UK takes leading role in project to create the world's biggest-ever radio telescope

A treaty signing today has confirmed the UK as the home for the new international organisation which will deliver the world’s biggest-ever radio telescope – the Square Kilometre Array (SKA).

The UK is one of the seven founding countries involved in the SKA project to improve our understanding of the evolution of the Universe and help us to map hundreds of millions of galaxies, and today’s treaty signing in Rome establishes the siting of the international nerve centre of this project at Jodrell Bank in the UK.

Business Secretary Greg Clark said: “Science has no borders and the UK’s hosting of the global HQ of this international project demonstrates our leading position and influence in scientific collaboration and exploration.

“For generations Jodrell Bank has inspired young people and inspired children to take an interest in science and will now inspire the next generation of scientists.

“This Government, through our modern Industrial Strategy is giving the biggest boost to research and development funding in UK history to ensure we inspire our young people.”

Radio astronomy allows us to study the celestial objects that give off radio waves. With radio astronomy, we study astronomical phenomena that are often invisible or hidden in other portions of the electromagnetic spectrum. There is no other way to ‘see’ these objects.

The SKA will be the largest and most sensitive radio telescope in the world, stretching technology to its limits and engineers, technologists and astronomers supported by UK Research and Innovation’s (UKRI) Science and Technology Facilities Council (STFC) will be at the forefront of making this project a success. Scientists and engineers at UK universities and institutions are involved right across the design of the SKA including from the Universities of Manchester, Oxford and Cambridge and from STFC’s Daresbury Laboratory, STFC’s Rutherford Appleton Laboratory and STFC’s UK Astronomy Technology Centre.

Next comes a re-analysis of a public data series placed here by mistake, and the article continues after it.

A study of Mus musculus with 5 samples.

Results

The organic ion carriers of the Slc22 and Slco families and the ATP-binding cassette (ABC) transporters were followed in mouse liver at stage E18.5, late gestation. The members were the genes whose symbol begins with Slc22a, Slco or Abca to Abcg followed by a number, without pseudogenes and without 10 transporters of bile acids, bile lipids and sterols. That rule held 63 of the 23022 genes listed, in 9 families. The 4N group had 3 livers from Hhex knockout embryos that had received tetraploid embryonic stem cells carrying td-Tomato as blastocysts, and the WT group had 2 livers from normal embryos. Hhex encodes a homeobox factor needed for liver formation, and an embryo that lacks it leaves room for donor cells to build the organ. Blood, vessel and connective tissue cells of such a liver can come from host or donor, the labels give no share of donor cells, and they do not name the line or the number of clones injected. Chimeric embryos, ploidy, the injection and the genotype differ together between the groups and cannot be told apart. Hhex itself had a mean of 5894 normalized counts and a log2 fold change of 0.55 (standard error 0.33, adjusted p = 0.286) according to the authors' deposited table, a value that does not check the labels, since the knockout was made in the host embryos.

UK Research and Innovation Chief Executive, Professor Sir Mark Walport, said: "The Square Kilometre Array will help answer fundamental questions about the nature

and the history of the Universe. In addition to providing insights into the wonders of the Universe, the SKA, through its development of improved methods to handle massive amounts of astronomical data, will drive advances in computing, information technology and big data processing.

"Today's signing reinforces the UK's position in international astronomy, and UKRI's commitment to maintaining and strengthening relationships with researchers across the globe."

Thanks to the investment of over £100 million that the UK has made in to the SKA project British scientists and industry partners have been helping to develop the central computing and data handling systems which will read the huge volume of new data that will be produced by the project, meaning this project could lead to faster smartphones and increased internet speeds across the UK in the future.

For more information visit the STFC website.